The Health Insurance Portability and Accountability Act, more easily remembered as “HIPAA”, was created in 1996 to protect patients from the unauthorized sharing of their private health information. HIPAA prevents confidential health information from being shared without the patient’s knowledge and consent and defines the penalties for information going unprotected.
Healthcare workers are obligated to uphold HIPAA privacy laws when working with patients and their records with some stiff penalties for those involved when it is found that confidential health information was not properly protected. It’s helpful for everyone working in healthcare to complete a HIPAA training course to remain current with standards and expectations relating to the protection of private health information.
What Are The Obligations of Healthcare Workers Under HIPAA?
Inside HIPAA, there are rules those working in healthcare should be aware of. These rules guide daily practice when working with protected health information and can be learned about in greater detail through quality HIPAA training.
Since HIPAA includes requirements on the safe storage of health information as well as what rights a patient has to their records, when people think about HIPAA, privacy instantly comes to mind. The Privacy Rule within HIPAA is all about the disclosure of protected health information, or PHI, by the health organization itself or what we call “covered entities”.
A covered entity is simply anyone that works in parallel to the hospital to support the provided medical care. An example could be a healthcare provider that shares protected health information for the purpose of insurance claims or expenditure eligibility. A covered entity could also be an organization responsible for medical coverage or long-term care in the form of something like a healthcare plan.
If an organization like a hospital is working with covered entities, those entities are equally responsible for upholding the integrity of protected health information.
The Security Rule within HIPAA deals with information transmitted electronically, more specifically how that information is obtained, stored, and transmitted. Any health organization that deals with electronic protected health information or e-PHI is obligated to make sure that information is not accessed by any unauthorized person.
If you work with an electronic medical record, you can blame this rule for having to change your password every couple of months.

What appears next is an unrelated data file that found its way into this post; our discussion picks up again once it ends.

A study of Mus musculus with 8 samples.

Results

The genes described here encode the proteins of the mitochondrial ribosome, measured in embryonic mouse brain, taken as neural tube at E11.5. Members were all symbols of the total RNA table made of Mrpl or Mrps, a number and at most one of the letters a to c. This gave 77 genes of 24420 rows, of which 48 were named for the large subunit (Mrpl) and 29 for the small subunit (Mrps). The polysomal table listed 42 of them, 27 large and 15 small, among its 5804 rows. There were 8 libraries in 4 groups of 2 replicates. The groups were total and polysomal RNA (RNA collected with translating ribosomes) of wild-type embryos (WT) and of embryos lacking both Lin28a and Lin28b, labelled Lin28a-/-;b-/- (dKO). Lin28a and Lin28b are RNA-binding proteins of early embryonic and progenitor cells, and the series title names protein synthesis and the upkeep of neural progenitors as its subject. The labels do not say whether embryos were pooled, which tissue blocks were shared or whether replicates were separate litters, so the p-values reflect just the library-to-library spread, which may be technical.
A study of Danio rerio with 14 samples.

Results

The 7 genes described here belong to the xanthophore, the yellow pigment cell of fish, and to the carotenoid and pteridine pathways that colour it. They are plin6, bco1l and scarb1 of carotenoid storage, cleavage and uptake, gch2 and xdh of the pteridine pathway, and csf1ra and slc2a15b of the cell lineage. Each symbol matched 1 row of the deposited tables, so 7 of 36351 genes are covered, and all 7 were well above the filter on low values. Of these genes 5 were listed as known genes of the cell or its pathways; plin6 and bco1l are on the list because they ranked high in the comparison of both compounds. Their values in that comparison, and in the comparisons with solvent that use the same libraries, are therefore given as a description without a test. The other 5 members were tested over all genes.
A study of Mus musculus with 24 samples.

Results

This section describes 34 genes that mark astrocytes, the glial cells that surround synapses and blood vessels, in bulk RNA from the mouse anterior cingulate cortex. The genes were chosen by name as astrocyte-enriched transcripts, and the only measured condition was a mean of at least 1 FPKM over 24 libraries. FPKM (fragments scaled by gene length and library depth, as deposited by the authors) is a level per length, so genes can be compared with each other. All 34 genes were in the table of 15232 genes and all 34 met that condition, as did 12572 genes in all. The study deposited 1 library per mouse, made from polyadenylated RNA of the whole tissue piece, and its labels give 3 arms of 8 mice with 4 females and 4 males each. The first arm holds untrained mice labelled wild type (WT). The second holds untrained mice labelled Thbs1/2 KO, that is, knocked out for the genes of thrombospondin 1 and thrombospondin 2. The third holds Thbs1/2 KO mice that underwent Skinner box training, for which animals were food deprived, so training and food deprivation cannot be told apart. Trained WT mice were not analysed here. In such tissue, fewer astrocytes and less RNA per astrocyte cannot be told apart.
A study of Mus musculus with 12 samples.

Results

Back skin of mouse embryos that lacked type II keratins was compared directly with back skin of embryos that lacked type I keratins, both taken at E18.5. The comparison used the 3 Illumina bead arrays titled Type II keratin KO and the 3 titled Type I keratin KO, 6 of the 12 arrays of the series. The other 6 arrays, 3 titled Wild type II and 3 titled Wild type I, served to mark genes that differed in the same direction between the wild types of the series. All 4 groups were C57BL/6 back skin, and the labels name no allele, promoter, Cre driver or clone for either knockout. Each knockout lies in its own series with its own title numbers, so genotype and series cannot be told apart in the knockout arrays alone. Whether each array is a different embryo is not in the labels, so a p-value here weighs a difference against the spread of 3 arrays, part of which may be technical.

Breach Notification Rule
Organizations required to maintain HIPAA compliance are also required to follow the Breach Notification Rule. The Breach Notification Rule means that if an organization fails to properly protect the health information of their patient they need to notify the patients themselves, the secretary of breaches, and in some cases, the media.
HIPAA stipulates that a patient has the right to know when their information has not been properly protected.
Why is HIPAA Training Important?
From the patient’s perspective, the importance of protecting PHI is crystal clear. None of us would want our sensitive information out there in the hands of people not contributing to our care. As healthcare professionals who care for others, we need to do everything possible to keep that information safe.
People working in healthcare need to know how many opportunities there are in their daily routine for PHI to potentially become breached. Healthcare workers deal with private information regularly throughout the day, often with multiple patients. Every interaction with other care providers, every test, every procedure, and every bit of documentation in the medical record is considered protected information.
Across all healthcare roles, that information needs to be supported through safely obtaining the information, storing, and transmitting it when needed. In practice, this looks like:
- Not having a conversation about personal information in front of people not involved in the patient’s care
- Not sharing your password to access a medical record
- Following policy and procedure when sharing that information by way of something like a fax
Even when a HIPAA violation is committed accidentally, serious penalties can apply. An organization can be fined large amounts of money if found to have not protected information adequately. Worst of all, patients must be informed, which means they will know that their private information has fallen into the wrong hands. This can bring about a sense of violation that can’t be taken back impacting their trust in an organization.
As a member of the healthcare workforce, you need to know how to do your part in the protection of PHI. Taking a HIPAA Training course is a helpful place to get oriented. The HIPAA Training course offered by #1 Premiere Continuing Education covers topics like the essential rules within HIPAA, how to support basic compliance standards, and the enforcement of HIPAA standards.